Silvergate Bank CEO Recounts the Path from First Buying Bitcoin to Leader of Crypto Startup Support


Alan Lane started his relationship with Bitcoin in 2013. The Silvergate Bank CEO made his first purchase of Bitcoin that year, preceding the addition of the first crypto exchange as a client to the small bank. At the time, and even for now, it was a bold decision for a bank to be willing to take on this type of client, considering how they were deemed at scam (at worst) or a regulatory risk (at best).

Lane mentioned this memory at a recent conference, BlockFS, held in New York on Friday, saying,

“Here were these companies that were raising money from reputable [venture capital] firms. They weren’t doing anything illegal, they weren’t doing anything immoral. And yet, they were struggling to maintain bank accounts. So, I put our need for deposits together with their need for banking services.”

Now, after five years involved in the industry, there’s no other bank that comes close to the services that they offer to blockchain startups, involved with Coinbase, Gemini, Kraken, and BitFlyer. In the recent initial public offering (IPS) prospectus, the company elaborated that their current agreements include 483 crypto startups. These startups have contributed around $1.7 billion in deposits, based on details up to Q3 2018.

Silvergate has helped to break down barriers and release apprehension in the industry by helping exchange executives to meet with the regulators of their bank. Lane described how, even in the beginning, he only wanted to be involved with the startups that were staffed with legal experts on staff, helping them to keep up with compliance protocols.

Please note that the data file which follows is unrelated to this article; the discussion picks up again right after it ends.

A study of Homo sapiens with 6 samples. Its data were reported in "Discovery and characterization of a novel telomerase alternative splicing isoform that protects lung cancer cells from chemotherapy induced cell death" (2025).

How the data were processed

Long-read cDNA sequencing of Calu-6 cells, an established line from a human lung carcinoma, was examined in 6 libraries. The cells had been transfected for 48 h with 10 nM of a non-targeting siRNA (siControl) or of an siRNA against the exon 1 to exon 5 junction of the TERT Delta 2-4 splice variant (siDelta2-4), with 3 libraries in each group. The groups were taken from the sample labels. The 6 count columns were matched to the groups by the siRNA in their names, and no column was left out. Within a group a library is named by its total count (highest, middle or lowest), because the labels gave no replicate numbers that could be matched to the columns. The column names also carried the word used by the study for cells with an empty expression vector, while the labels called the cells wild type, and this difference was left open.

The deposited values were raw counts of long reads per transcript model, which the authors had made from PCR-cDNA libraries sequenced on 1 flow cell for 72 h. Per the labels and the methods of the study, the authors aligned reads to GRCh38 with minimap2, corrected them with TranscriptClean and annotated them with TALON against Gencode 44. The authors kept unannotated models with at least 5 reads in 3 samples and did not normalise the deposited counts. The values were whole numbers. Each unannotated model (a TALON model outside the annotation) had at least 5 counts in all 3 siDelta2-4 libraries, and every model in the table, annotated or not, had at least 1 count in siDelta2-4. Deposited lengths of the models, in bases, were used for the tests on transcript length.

“Back then, the startups had a lot of executives, but without organized responsibilities. However, Lane points out that “the chief compliance officer is not a multiple-hat type of person.”

Nick Rosenberg, the director of IT with the Metropolitan Bank in New York, spoke at the panel as well. Being one of the few banks with the performance to compete with Silvergate, Rosenberg noted that they are also working to expand their portfolio to include a more diverse range of startups.

Lane argued that Silvergate has been zoning in on exchanges, over-the-counter trading desks, and institutional investors as of late. When discussing the fact that both his bank and Metro have Coinbase as a client, Lane said, “Coinbase is probably the most well-banked company in the ecosystem. Coinbase probably banks with us and every other bank doing this on purpose.” This could go along with a strategy that was used at the start of the industry, working with multiple banks in case one of them is no longer able to serve them.

Silvergate offers APIs to the exchange platforms, making transactions instant for deposits and trades, regardless of the hours of operation of the bank. It also creates a sense of calm for users that worry about getting their funds out in fiat form in a pink. Lane commented,

“That’s equally powerful on the way out, on the off-ramp. Because we’ve all heard of exchanges being hacked.”

The use of blockchain and its transparency has made it easier for Silvergate to make a comfortable place for both sides of the financial industry, reducing their likelihood of engaging in suspicious behavior. Even at their start, the company had a process in place that watched deposits as Bitcoin blockchain data was displayed.

Lane explained, “We wanted to be able to see both sides of that [bitcoin] transaction. When you wire $50,000, send us the blockchain address…what we want to see on the blockchain is a transaction that matches up with that $50,000 value.”

Silvergate has been continually meticulous, which is just another way that they keep their records honest and their customers happy.

Even though Lane said that he formerly was doubtful of the way that cryptocurrency could hold any type of fiat currency, he said that Silvergate is “looking into stablecoins” at this point. When discussing why Silvergate is taking their time with adding new clients, he wrapped up the discussion, saying,

“It’s really important that it’s done right because if we have something illegal that goes across our platform, it could be detrimental to our business and to the integrity of the system. So, we’re very protective of what we built.”